What’s in a name? When it comes to the Railroad Commission of Texas, the name says little about what this important state agency does on a day-to-day basis. With 125 years of history, the commission was established to oversee the regulation of railroads. Today, it is recognized as a worldwide leader in the regulation of oil and gas.
The transition was sparked when oil and gas production grew to include the transporting of oil to market by rail. The commission was delegated oversight of not only the transportation of oil and gas products, but eventually its safe production. In this age of renewed Texas oil and gas development, it is important that all Texans are familiar with the job the commission is doing in their community.
As your railroad commissioner, I have the privilege of overseeing some of Texas’ most exciting and dynamic industries. Since 1891, the commission has been charged with ensuring a fair and responsible regulatory structure for oil and gas production and promoting policies that guarantee the robust development of our state’s huge energy potential. With extended jurisdiction over related industries including intrastate pipelines, natural gas utilities and surface mining operations, the commission ensures that Texans continue to enjoy the economic benefits of our state’s many, plentiful mineral resources and that our communities and environment remain safe. Now a global leader in energy regulation, foreign governments from across the world regularly visit the agency to learn more about how to successfully manage energy exploration and production in their own countries.
The agency’s Oil and Gas Division inspectors work every day to ensure that companies comply with our rules, established to protect the public and our state’s natural resources. Operations found in noncompliance are met with fines, and if necessary, the shutting down of production and the revocation of a company’s license to drill in Texas. This division also manages any necessary cleanup involving oil and gas spills or discharges. Last year, the agency plugged more than 560 abandoned wells and oversaw the cleanup of more than 200 oilfield sites. This type of work, which provides community and environmental protection, is funded by fees collected from industry, not by Texas taxpayers.
The Oversight and Safety Division supervises pipeline safety, and natural gas utilities. This division holds jurisdiction over pipelines that begin and end within Texas. The commission has some of the nation’s most stringent pipeline safety rules, requiring all natural gas distribution companies to assess their pipeline systems for the greatest potential threats and each year replace a minimum five percent of those pipelines.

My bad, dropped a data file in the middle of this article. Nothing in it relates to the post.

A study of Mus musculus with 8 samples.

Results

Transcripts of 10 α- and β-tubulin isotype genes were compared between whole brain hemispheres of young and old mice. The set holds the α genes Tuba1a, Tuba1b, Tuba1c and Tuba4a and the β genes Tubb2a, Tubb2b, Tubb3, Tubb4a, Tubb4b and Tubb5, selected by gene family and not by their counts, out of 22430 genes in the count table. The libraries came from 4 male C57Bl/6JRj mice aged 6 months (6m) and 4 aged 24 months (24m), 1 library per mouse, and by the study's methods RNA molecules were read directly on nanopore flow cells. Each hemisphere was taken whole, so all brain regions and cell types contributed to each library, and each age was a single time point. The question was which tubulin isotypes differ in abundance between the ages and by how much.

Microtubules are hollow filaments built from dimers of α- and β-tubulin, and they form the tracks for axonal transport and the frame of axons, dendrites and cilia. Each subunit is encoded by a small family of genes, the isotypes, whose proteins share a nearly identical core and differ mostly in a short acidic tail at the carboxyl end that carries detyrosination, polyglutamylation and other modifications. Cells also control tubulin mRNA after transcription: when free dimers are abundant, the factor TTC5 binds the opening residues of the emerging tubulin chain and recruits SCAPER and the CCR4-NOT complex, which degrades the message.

Overseeing natural gas rates, this division ensures fair and reasonable rates for consumers. Last year, audits discovered rate overcharges resulting in more than $1.3 million in refunds to natural gas utility customers across the state, keeping more hard earned dollars in the pockets of Texans.
Coal used in power plants generating electricity helps to keep the lights on for our residents, not only in Texas, but across the nation. The Texas economy enjoys the benefits of being the sixth-largest producer of coal in the U.S., and our Surface Mining and Reclamation Division oversees mining operations and reclamation once mining ceases. Commission policies require that Texas land is returned to a condition that is as good as, or better than, it was before mining activities occurred.
Texans should be proud that our state has long been recognized as a regulatory leader. New technology, which allows companies to reach energy resources previously inaccessible, has ignited an energy revolution in the U.S. led by Texas. Fortunately, because of our more than 100-year old history overseeing energy development, the commission is deeply experienced in developing rules and taking actions grounded in science, even as this dynamic industry quickly evolves.
As you can see, the Railroad Commission has a strong record of balancing environmental protection with economic growth and energy development. We are proving it every day across the state. But please, just don’t ask me about railroads.
Craddick is one of three state railroad commissioners. She has served on the commission since 2012.